04-03-2003, 09:32 PM
Hi I'm new to this board. I've tried searching the forum for previous post about this topic but can't seem to find any.

here's my problem, I have a pink background bmp file and I've set the alpha to 0 for those pink pixels, now major pink parts are gone but there appears to have a slight pink edge.

i've used the following function

glEnable(GL_BLEND);
glBlendFunc(GL_SRC_ALPHA, GL_ONE_MINUS_SRC_ALPHA);
glEnable(GL_ALPHA_TEST);
glAlphaFunc(GL_GREATER, 0);

Can anyone tell me what my problem is?

JustHanging
04-03-2003, 10:15 PM
Set the new color values of all your pink texels to tha average of their adjacent non-pink texels. If there aren't any, just make the texel black.

-Ilkka

dbsboy
04-04-2003, 06:50 AM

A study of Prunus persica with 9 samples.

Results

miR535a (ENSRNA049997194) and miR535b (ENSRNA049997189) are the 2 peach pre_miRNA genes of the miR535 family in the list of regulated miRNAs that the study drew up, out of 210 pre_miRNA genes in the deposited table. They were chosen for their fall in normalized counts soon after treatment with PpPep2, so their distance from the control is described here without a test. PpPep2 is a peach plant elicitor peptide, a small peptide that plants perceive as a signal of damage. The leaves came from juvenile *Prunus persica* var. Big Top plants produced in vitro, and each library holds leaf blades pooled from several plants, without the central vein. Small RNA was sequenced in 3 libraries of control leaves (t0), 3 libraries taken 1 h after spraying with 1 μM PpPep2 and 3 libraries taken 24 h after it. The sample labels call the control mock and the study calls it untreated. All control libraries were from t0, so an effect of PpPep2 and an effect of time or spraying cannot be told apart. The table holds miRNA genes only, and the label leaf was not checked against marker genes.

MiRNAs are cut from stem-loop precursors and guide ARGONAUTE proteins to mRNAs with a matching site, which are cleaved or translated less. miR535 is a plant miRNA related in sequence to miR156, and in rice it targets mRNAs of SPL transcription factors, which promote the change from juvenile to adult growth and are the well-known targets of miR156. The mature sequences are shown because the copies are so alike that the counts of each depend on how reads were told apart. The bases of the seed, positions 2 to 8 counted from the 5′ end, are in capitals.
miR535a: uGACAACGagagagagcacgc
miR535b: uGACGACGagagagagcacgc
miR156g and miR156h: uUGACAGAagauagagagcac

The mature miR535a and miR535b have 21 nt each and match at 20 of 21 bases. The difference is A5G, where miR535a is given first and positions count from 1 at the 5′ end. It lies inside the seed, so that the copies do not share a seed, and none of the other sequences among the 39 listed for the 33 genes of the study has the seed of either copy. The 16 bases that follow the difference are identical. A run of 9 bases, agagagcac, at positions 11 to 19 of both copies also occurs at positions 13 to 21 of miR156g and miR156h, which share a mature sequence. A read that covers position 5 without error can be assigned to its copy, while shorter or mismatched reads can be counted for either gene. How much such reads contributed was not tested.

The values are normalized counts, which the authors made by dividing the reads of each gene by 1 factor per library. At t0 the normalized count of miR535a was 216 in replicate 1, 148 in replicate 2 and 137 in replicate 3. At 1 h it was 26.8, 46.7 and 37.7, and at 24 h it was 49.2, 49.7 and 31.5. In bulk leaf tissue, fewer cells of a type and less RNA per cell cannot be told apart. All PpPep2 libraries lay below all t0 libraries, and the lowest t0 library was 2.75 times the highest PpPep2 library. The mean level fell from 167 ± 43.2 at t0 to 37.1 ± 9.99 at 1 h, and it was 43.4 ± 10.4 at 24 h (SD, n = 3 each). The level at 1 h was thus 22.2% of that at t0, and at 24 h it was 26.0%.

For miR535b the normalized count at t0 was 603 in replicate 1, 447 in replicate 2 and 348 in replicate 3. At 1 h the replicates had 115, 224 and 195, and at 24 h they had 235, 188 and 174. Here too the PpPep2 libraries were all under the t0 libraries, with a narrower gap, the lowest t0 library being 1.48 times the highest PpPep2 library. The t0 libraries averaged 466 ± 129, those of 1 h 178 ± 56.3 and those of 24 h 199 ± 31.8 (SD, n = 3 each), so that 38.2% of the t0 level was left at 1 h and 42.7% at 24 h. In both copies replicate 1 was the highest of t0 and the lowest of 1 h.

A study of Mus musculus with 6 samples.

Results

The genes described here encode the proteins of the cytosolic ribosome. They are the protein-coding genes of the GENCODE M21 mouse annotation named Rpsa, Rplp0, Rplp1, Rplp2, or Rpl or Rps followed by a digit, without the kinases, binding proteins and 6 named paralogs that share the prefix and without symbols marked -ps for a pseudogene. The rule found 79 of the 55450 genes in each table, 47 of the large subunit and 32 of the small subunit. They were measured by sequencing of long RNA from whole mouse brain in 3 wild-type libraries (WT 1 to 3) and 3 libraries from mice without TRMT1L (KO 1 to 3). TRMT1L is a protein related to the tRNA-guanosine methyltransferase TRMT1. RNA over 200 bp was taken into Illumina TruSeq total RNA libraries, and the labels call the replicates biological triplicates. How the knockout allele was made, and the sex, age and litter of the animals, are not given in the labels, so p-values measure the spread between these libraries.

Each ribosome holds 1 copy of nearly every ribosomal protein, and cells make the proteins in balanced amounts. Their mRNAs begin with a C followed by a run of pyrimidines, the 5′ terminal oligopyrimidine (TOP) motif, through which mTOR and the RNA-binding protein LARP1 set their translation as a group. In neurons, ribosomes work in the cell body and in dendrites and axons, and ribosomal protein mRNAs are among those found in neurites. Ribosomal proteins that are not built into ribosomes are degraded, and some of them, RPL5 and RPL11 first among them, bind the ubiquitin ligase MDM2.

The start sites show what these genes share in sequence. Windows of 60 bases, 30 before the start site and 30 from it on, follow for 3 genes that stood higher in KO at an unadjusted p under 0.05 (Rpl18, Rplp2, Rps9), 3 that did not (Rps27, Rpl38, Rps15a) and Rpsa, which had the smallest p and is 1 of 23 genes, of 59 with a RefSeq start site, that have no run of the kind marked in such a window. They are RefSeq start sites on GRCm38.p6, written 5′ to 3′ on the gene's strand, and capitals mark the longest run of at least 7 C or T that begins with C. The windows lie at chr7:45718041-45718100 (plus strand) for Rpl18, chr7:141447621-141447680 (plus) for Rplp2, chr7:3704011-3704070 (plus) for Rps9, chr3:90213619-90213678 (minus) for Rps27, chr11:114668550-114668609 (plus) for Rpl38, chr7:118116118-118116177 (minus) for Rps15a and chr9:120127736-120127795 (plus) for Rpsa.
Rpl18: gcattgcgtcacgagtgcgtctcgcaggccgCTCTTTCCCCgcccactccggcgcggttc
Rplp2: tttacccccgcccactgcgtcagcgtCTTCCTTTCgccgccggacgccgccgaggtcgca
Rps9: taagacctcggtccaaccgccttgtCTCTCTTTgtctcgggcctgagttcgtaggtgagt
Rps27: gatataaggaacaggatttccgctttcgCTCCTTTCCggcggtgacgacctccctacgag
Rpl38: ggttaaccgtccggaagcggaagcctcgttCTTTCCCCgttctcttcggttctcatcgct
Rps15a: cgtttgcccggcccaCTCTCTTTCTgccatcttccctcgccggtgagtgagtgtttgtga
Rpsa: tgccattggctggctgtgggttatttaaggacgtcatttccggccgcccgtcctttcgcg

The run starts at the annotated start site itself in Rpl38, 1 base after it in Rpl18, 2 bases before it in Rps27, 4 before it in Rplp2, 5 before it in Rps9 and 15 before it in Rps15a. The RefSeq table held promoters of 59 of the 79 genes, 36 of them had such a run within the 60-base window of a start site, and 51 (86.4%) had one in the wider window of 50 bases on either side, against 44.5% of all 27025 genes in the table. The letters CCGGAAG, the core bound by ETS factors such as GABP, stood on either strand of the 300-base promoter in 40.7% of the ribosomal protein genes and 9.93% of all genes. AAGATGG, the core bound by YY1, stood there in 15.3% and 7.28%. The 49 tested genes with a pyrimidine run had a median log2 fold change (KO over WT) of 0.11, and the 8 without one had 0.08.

thanks!
but i'm still wondering, isn't the pink edge caused by blending? so shouldn't i be able to eliminate it by disabling blending? (i don't mind the cut edges)

but when i tried that i got an even thicker pink outline...

please correct me if i'm wrong

Ysaneya
04-04-2003, 07:11 AM
No, it appears because of the bilinear filtering. Filtering works by sampling neighbooring texels and averaging them. As a result, if you only specify texels with an alpha of 0 (transparent) and 1 (opaque), you can still end up with pixels in the [0-1] range. Near the pink contour, you can have a pixel with 0.2 alpha (which passes the alpha test), but that's still an average of a few pink texels and a few opaque texels.. this leads to pink halos around your objects.

You can disable filtering, or replace the transparent pink texels with the closest opaque texels, as JustHanging suggests.

Y.

Raduprv
04-04-2003, 01:21 PM
You might want to use only alpha testing, not alphablending, which is slower.
So, use something like:
glEnable(GL_ALPHA_TEST);
glAlphaFunc(GL_GREATER, 0.1f);
(and remove the blending part)

dbsboy
04-06-2003, 11:27 AM
thanks alot!
that really helps!

[This message has been edited by dbsboy (edited 04-06-2003).]